One of the topics that's been hot like no other this past year is proximity-based marketing. That's why Firebrand has been diving this topic over the last few months, culminating in our Future of Location 2018 ebook. Given how so many companies are making major progress, chances are your own company is trying to figure out how not to fall behind. Want a primer? Here's what you probably don't know but need to know if you're going to take advantage of this stuff:

#1: Quality and accuracy of data are a huge problem

Many experts feel that quality and accuracy of data are going to be crucial in the near term future. "It really comes down to what are you trying to accomplish as a marketer and how important accuracy is to that," explains Steven Rosenblatt, President of Foursquare. Precision and accuracy are key to building audience profiles if you're trying to understand a consumer and who they are, and key if you're trying to target and reach a particular type of person. If, however, you're trying to geo-target a particular area, precision may be less important.

Ultimately, data accuracy is going to be under more scrutiny as more ad dollars move to social. In order for these methods to be effective, the data being by companies like Snapchat and Facebook must be reliable enough to target consumers effectively. The walled-garden nature of Facebook in particular has come under scrutiny, as they've recently had significant problems regarding the accuracy and efficacy of their advertising methods, with several big brands opting to reduce their ad spend on the site until more accurate metrics are released. Snap's Snap to Store and Snap Maps are still relatively new, so it remains to be seen how effective they are in comparison to Facebook's advertising tools.

#2: To continue digital ad growth, location is probably the next frontier

By many measures, 2017 is the year that digital ad spend is expected to exceed television ad spend, largely due to how measurable it is. Specifically, digital conversions can be measured far better than TV conversions. "Growth in digital has largely ignored the 91.5% of conversions that occur offline in the physical world," explains David Shim, CEO of location analytics leader Placed (acquired by Snap this year). Shim predicts that in the next two years, "measuring omnichannel ads to store visits will be as common as thirrd party ad serving on digital advertisements."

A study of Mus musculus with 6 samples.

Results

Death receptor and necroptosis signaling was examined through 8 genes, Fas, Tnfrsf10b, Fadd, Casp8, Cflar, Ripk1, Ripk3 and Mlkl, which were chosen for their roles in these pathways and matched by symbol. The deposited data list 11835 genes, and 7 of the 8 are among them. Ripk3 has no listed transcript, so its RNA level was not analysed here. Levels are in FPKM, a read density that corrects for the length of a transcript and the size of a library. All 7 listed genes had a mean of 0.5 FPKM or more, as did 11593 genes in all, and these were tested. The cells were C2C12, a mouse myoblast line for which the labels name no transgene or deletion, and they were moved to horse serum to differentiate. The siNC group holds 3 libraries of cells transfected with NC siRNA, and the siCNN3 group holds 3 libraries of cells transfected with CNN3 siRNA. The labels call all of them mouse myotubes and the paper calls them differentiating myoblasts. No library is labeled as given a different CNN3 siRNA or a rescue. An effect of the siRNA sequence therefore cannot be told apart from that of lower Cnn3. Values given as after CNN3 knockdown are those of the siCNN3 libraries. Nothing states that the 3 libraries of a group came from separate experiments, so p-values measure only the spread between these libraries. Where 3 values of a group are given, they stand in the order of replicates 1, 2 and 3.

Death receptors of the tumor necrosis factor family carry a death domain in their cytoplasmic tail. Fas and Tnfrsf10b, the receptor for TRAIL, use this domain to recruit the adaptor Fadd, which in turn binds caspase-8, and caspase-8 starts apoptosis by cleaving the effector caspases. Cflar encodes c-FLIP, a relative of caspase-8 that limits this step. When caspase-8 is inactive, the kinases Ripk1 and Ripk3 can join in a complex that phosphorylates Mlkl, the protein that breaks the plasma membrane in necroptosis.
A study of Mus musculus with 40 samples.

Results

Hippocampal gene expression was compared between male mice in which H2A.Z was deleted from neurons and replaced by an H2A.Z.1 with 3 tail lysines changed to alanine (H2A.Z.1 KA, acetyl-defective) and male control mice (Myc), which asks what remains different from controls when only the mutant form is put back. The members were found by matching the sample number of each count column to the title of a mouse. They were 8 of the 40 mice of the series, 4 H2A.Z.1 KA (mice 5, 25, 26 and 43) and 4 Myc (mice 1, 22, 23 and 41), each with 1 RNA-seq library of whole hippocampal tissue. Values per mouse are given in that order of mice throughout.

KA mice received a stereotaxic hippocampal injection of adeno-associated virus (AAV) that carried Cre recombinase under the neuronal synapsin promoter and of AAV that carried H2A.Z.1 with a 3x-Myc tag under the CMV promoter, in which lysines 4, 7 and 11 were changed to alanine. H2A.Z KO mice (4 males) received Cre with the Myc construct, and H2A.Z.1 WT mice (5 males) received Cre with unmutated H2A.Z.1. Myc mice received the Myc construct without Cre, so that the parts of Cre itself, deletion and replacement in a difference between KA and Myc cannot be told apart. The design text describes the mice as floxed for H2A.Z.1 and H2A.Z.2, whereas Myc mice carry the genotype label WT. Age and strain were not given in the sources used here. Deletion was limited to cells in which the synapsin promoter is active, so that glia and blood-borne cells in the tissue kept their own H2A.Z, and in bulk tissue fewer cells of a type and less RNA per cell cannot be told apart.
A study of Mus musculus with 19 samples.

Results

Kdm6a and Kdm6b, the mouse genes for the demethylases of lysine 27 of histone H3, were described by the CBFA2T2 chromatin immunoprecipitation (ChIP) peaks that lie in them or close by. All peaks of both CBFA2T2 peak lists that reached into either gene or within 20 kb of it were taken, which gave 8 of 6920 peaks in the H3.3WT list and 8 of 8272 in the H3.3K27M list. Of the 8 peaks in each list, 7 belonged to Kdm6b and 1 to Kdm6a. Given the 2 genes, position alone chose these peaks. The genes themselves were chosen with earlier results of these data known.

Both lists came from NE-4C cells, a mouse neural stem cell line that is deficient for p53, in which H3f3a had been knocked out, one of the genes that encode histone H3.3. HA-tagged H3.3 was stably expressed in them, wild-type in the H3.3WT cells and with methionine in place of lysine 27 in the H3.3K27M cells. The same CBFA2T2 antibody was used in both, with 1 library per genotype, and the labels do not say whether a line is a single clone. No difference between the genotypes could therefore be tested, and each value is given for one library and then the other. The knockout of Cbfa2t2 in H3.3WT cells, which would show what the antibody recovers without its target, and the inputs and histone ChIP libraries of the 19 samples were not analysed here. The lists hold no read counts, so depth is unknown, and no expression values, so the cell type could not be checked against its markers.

#3: Location-based marketing isn't just for retailers

Herradura, a tequila brand, teamed up with Foursquare to create a location campaign designed to raise awareness of the brand among drinkers of premium spirits. Foursquare took the list of places where Herradura is sold and used location data from mobile phones to target ads to people who had been at or near those stores in the past or were likely to buy premium alcohol.

Makers of alcohol don't enjoy the same direct relationship to the consumer that, say, brick and mortar retailers do; as a result, campaigns such as these that raise awareness are a crucial part of their marketing strategy. All in all, the Foursquare campaign led to a 23% lift in visits to stores that sold Herradura among people who were shown the ad compared to a control group. Because Brown-Forman, the company that owns Herradura, has no retail locations itself, it was unable to see how many people bought the tequila in responseto the ad; nevertheless, visits can be a strong proxy to sales.

Herradura's example shows that not having a brick and mortar retail location is no excuse for not using location data. Side note: I've put together a few other examples of strong case studies in that Future of Location 2018 ebook I mentioned earlier.

#4: Proximity technology is (probably) going to save retail

There's a perception by the market that digital is eating brick and mortar retail's lunch, and to some extent that's correct. Placed's Shim believes that this perception will change in the future, as retailers begin to better understand what drives offline store visits with the same detail they are able to measure and optimize against website visits.

#5: The industry is just scratching the surface

"We're still in the very early innings," offers Foursquare's Rosenblatt. "I wouldn't say nascent, but early."

Marketers have been evangelizing for years, but location is finally moving up the priority stack of importance. What you're seeing is that companies now understand that it's not just about proximity, it's not just about context; it's about consumer insights. Those marketers and companies that understand that will be way ahead of their competitors, and will truly get better at understanding how to market and advertise more effectively, as well as how to create experiences for their consumers more effectively -- and so we're moving up the adoption curve quickly.

Any other burning questions about the future of location marketing tech? Email or tweet; I'll be covering this topic on an ongoing basis.